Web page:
Dalai Lama warns delegates of failure
By SAM DOLNICK,Associated Press Writer AP - Monday, November 24
DHARMSALA, India - The Dalai Lama warned Tibetan exile leaders Sunday to be prudent in their plans or risk failure, after they said at a key conference they might push for independence for their homeland if China refuses to grant it autonomy soon.
The delegates ended their weeklong conference Saturday saying they had decided against seeking independence for now, and that they would maintain the Dalai Lama's "middle way" _ his push for autonomy through measured compromise that falls short of calling for independence.
But they also said they would push for independence if China fails to respond positively to their initiatives.
"The next 20 years, if we are not careful, if we are not prudent in our plans there is a great danger," the Dalai Lama said in an address to the exiled Tibetans on Sunday. "It could lead to the danger of failure."
While the Buddhist spiritual leader did not specify what he meant, he appeared to be speaking about the larger Tibetan cause, which many exile leaders believe is at a major crossroads.
The Dalai Lama was speaking to the more than 500 delegates from around the world who had gathered to discuss the way forward for the Tibetan movement.
The 73-year-old spiritual leader did not explain his comments when he addressed reporters later Sunday, saying only that the week's meeting should not be viewed as final and that at least one more meeting of Tibetan leaders was likely in the next few weeks.
He suggested that the meeting may be held abroad but gave no details.
He also reiterated that he would remain the spiritual leader of the Tibetan people.
"Till my death I committed. No idea of retirement," he said.
He has been saying since the early 1990s that he would only consider stepping away from his role as spiritual leader when Tibet has more freedom.
"With certain degree of freedom when we return, then I will hand over all my legitimate authority," he said.
But he reiterated that he is semiretired as a political leader, as he has said several times before.
"All major decisions are in his hand," he said, pointing to Samdhong Rinpoche, the prime minister of the self-declared Tibetan government-in-exile. "I am like senior adviser."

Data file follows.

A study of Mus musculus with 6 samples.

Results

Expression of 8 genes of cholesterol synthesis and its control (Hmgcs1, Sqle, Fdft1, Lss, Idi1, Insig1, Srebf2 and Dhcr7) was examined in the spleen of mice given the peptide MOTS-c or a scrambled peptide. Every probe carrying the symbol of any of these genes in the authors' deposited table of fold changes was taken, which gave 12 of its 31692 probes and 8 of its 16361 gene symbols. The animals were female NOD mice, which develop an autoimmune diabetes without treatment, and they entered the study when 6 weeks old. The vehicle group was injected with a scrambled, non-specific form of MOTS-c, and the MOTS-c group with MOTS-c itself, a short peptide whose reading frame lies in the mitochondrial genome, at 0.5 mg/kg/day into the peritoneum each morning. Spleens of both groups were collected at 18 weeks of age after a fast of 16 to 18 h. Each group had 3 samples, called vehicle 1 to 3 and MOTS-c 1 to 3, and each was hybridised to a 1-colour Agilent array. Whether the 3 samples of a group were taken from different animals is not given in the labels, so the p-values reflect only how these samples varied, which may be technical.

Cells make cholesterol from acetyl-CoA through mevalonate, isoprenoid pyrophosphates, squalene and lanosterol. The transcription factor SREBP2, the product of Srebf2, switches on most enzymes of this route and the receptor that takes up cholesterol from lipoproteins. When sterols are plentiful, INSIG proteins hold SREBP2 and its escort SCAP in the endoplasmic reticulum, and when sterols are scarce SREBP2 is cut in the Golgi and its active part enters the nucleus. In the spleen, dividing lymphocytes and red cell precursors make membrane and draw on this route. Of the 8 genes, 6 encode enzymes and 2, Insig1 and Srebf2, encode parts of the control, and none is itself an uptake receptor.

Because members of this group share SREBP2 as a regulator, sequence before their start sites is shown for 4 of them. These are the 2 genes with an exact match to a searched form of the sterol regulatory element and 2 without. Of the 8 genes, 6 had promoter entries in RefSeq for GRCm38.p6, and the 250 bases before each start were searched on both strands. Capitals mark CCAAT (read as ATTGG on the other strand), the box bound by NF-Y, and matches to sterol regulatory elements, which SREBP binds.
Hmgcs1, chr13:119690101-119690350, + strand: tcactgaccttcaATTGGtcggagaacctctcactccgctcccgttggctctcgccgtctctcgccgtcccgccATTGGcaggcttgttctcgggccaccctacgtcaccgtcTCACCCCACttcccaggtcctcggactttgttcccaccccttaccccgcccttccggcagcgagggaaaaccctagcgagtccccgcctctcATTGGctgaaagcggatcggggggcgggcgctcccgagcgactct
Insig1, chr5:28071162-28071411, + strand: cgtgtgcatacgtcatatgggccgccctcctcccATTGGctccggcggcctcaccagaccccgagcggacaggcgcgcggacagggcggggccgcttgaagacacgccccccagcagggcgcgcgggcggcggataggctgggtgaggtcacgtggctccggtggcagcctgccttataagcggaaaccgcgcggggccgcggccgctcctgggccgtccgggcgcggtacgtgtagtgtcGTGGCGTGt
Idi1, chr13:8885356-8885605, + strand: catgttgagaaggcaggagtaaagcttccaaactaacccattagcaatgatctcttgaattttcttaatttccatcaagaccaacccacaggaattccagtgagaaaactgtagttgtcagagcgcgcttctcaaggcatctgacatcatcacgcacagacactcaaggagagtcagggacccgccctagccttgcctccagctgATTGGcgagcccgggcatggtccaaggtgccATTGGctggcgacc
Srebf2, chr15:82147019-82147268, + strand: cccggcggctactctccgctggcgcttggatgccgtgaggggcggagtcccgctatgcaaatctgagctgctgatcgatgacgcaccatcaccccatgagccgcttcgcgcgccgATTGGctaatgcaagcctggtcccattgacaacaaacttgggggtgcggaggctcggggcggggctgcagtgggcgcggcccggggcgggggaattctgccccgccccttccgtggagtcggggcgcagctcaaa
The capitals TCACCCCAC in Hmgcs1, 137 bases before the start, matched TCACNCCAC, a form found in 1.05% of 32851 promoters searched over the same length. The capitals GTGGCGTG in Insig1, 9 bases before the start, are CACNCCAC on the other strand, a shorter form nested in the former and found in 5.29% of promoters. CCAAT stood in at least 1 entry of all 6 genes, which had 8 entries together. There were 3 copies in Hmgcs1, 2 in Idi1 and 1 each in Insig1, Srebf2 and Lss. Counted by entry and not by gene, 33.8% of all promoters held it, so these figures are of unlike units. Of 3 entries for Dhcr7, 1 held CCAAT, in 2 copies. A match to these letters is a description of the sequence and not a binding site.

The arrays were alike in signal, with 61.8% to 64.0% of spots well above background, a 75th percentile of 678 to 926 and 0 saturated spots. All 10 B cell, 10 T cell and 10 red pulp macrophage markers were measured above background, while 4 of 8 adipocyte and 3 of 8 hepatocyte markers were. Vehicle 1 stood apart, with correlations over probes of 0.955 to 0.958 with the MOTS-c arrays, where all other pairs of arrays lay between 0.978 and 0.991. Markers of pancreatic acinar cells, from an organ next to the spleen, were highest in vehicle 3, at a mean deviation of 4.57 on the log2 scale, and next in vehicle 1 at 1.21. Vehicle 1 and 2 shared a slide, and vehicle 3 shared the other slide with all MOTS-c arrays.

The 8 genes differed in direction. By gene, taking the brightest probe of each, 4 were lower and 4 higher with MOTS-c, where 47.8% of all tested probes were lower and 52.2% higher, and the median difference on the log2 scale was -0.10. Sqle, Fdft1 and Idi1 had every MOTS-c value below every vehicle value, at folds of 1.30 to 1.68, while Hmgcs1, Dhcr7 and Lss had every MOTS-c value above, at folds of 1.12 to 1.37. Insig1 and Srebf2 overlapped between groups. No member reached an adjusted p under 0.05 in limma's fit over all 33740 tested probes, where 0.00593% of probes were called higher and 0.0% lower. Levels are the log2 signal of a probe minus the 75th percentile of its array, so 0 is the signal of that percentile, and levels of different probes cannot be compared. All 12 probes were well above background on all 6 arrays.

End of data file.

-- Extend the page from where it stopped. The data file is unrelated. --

Dolma Gyari, deputy speaker of the Tibetan parliament-in-exile, told reporters after the meeting Saturday that delegates reaffirmed support for the Dalai Lama's approach _ but also said it is time to end talks with Beijing.
"Looking at the doings of China in recent times, we will not send the envoys for further contact," Gyari said.
But the leaders also vowed that if moderation doesn't produce results soon, they will call for independence _ a dramatic break with a decades-long conciliatory approach to Beijing.
"If China does not respond positively to our initiative, there is no other option left for us than to go for independence," Gyari said.
She did not mention a specific time frame, and took no questions.
The Dalai Lama told the delegates Sunday that "My trust in Chinese officials is becoming thinner but my trust in the Chinese public is still alive and strong."
He said there was a need for a "dialogue with the Chinese people" and suggested the possibility of bypassing the Chinese government and talking directly to the Chinese people but gave few details about how that would be achieved.
Any kind of direct access to the vast majority of Chinese people would be a near impossibility for the Tibetan leader.
The decisions by the 581 exile leaders who attended the meeting are only recommendations for the Tibetan parliament, which is to meet in March.
The Dalai Lama called the meeting in Dharmsala, the north Indian mountain town where has lived since fleeing Tibet following a failed rebellion in 1959.
He summoned the exile leaders after publicly expressing frustration over the failure of his approach to yield results with China's government, but he declined to discuss his preference for future strategy, saying he did not want to sway the debate.
China says Tibet has been Chinese territory for 700 years, though many Tibetans argue it was effectively independent most of that time.
Since Communist troops swept into Tibet in 1950, Chinese authorities have crushed any sign of Tibetan nationalist sentiment. An independence movement would be nearly impossible, at least in the foreseeable future, and China has long made clear it will not accept autonomy for Tibet.